These are this week’s top stories, regarding the construction industry in Ontario, that you need to know.
January 22, 2021
FROM THE OCS
Registration is NOW OPEN for the 21st Annual State of the Industry & Outlook Conference (SIOC) on Thursday, March 4, 2021. You won’t want to miss this event as we will be discussing the direction the construction industry is headed in 2021, what you can expect from Ontario’s economy, and how COVID-19 has affected health and safety practices in construction.
Last March, we heard from CIBC’s Deputy Chief Economist, Benjamin Tal at our economic conference and we are thrilled to welcome him back for the second year in a row to discuss the state of the current economic climate, possible outcomes as we continue to live with COVID-19 and sharing insights on what the financial future holds for 2021.
A unionized construction job site is a safer job site, according study sponsored by the Ontario Construction Secretariat (OCS), which represents Ontario construction trade unions and unionized contractors.
“The data doesn’t lie, and reaffirms what we have always suspected,” OCS CEO Robert Bronk said in a statement last Tuesday. “Preventable incidents hurt people, reduce productivity and affect worker morale. It is encouraging to see data that assures a unionized job is being done properly and safely by people who are fully trained in what their tasks are.”
In late 2019 to early 2020, COVID-19 took the world by surprise. It disrupted how people do business worldwide. Responding to the pandemic has opened doors for all businesses and industries (including the construction industry, consultants, and constructors) to be creative in their responses to new challenges.
Home renovation projects that are got started on or before Jan. 12 can continue, but any project that is in the planning phase must be shutdown for now, under the province’s new construction rules. The rules are part of tightened COVID-19 restrictions filed Wednesday in the Reopening Ontario Act, after Ontario entered a state of emergency to try and prevent hospitals from being overwhelmed by the pandemic.
“The partnership with York, Fengate and LPFCEC will provide York with growth capital to continue to execute on its robust pipeline of M&A (mergers and acquisitions) and other strategic opportunities.”
The statement says York has provided excavation, demolition, shoring, environmental remediation, contaminated soil treatment and transfer, and waste collection and transfer services to some of the largest infrastructure, commercial, and residential projects in the Greater Toronto Area, including Rogers Centre, Scotiabank Arena, Scotia Plaza, Metro Toronto Convention Centre, Roy Thomson Hall, St. Joseph’s Hospital, Eaton Centre, and CN Tower, among others.
How a sound data management strategy can reduce complexity, costs, and risks for construction companies
According to research from KPMG, 90 per cent of Canadian building and construction firms are investing in digital technology to build a competitive advantage, yet 80 per cent expect to spend less than five per cent of their revenue on digital transformation. And while construction has been slower than many industries to digitize, more organizations are now leveraging tools to simplify their day-to-day processes and are making it a priority.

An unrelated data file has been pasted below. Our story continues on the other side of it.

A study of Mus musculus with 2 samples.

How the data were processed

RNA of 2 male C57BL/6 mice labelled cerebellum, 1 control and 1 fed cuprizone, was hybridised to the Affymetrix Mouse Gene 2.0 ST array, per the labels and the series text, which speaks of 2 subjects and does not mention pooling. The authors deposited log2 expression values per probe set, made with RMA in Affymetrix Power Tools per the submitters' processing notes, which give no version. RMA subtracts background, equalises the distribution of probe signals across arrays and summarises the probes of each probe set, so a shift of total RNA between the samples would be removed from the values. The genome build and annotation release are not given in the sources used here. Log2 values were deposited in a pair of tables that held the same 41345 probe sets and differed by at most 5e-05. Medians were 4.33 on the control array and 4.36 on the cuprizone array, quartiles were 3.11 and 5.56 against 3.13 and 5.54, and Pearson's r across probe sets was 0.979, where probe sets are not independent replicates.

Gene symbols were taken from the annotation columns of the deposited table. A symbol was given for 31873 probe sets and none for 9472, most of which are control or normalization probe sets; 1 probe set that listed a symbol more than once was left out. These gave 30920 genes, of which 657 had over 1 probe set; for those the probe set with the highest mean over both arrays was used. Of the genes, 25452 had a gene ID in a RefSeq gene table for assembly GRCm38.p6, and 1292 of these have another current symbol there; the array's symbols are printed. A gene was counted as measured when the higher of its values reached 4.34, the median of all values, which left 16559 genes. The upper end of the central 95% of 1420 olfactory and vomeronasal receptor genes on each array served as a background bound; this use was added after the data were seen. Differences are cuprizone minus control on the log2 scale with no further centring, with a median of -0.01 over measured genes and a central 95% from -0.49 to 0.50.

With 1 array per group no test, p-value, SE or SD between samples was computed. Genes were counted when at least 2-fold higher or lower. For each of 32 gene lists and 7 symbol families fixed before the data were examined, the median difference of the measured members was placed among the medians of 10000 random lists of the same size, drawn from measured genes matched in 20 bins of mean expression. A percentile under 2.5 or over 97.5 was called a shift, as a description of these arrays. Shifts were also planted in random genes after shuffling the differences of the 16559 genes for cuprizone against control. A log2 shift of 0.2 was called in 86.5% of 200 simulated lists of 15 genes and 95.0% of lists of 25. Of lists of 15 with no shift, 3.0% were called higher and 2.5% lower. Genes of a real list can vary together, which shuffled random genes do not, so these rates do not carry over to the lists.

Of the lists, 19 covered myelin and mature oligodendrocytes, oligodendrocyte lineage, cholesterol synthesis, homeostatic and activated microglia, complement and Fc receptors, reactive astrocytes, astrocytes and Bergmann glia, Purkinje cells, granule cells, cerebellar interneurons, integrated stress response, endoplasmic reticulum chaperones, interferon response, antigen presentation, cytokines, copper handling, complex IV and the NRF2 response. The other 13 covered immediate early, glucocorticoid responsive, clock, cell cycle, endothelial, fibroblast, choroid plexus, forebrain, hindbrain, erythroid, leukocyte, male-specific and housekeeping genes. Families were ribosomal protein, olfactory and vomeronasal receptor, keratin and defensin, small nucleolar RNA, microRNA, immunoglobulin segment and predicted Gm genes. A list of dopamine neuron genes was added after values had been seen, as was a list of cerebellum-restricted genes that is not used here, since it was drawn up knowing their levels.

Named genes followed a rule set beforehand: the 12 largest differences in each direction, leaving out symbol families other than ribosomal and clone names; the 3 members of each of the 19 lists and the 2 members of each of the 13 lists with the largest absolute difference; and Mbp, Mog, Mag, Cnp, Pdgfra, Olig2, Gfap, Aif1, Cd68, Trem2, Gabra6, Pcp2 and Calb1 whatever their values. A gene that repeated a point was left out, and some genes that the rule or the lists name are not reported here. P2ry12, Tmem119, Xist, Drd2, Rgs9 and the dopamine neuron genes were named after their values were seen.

INTERNATIONAL & NATIONAL NEWS
The Biden administration’s legislative ideas are coming into sharper focus, starting with a $1.9-trillion coronavirus “rescue” plan that includes only a small list of construction-related provisions. But what has captured construction executives’ interest is the second item on incoming President Joe Biden’s Capitol Hill agenda: an economic recovery proposal due in February that Biden says will “make historic investments in infrastructure, along with manufacturing, research and development and clean energy.”
Quebec’s labour minister is threatening to impose more restrictions on the province’s construction and manufacturing sectors for allegedly flouting health orders. The new measures — in effect until at least Feb. 8 — require the two industries to limit operations to essential activities and to reduce the number of workers in factories and on construction sites. Most other businesses across Quebec deemed non-essential have been closed since December.
Canada’s pandemic-weary economy is poised to “take off like a rocket” in the latter part of 2021, according to CIBC World Markets deputy chief economist Benjamin Tal. With a vaccine now on the horizon and two-thirds of Canada’s economy already chugging along in close to high gear, he said the country is poised for a strong recovery.
“Clearly we are seeing the light and this light is not a train, it is a real light,” he said, noting, however, that the next few months could still be quite difficult. “We have to go through the winter. The winter will be tough, we all know that.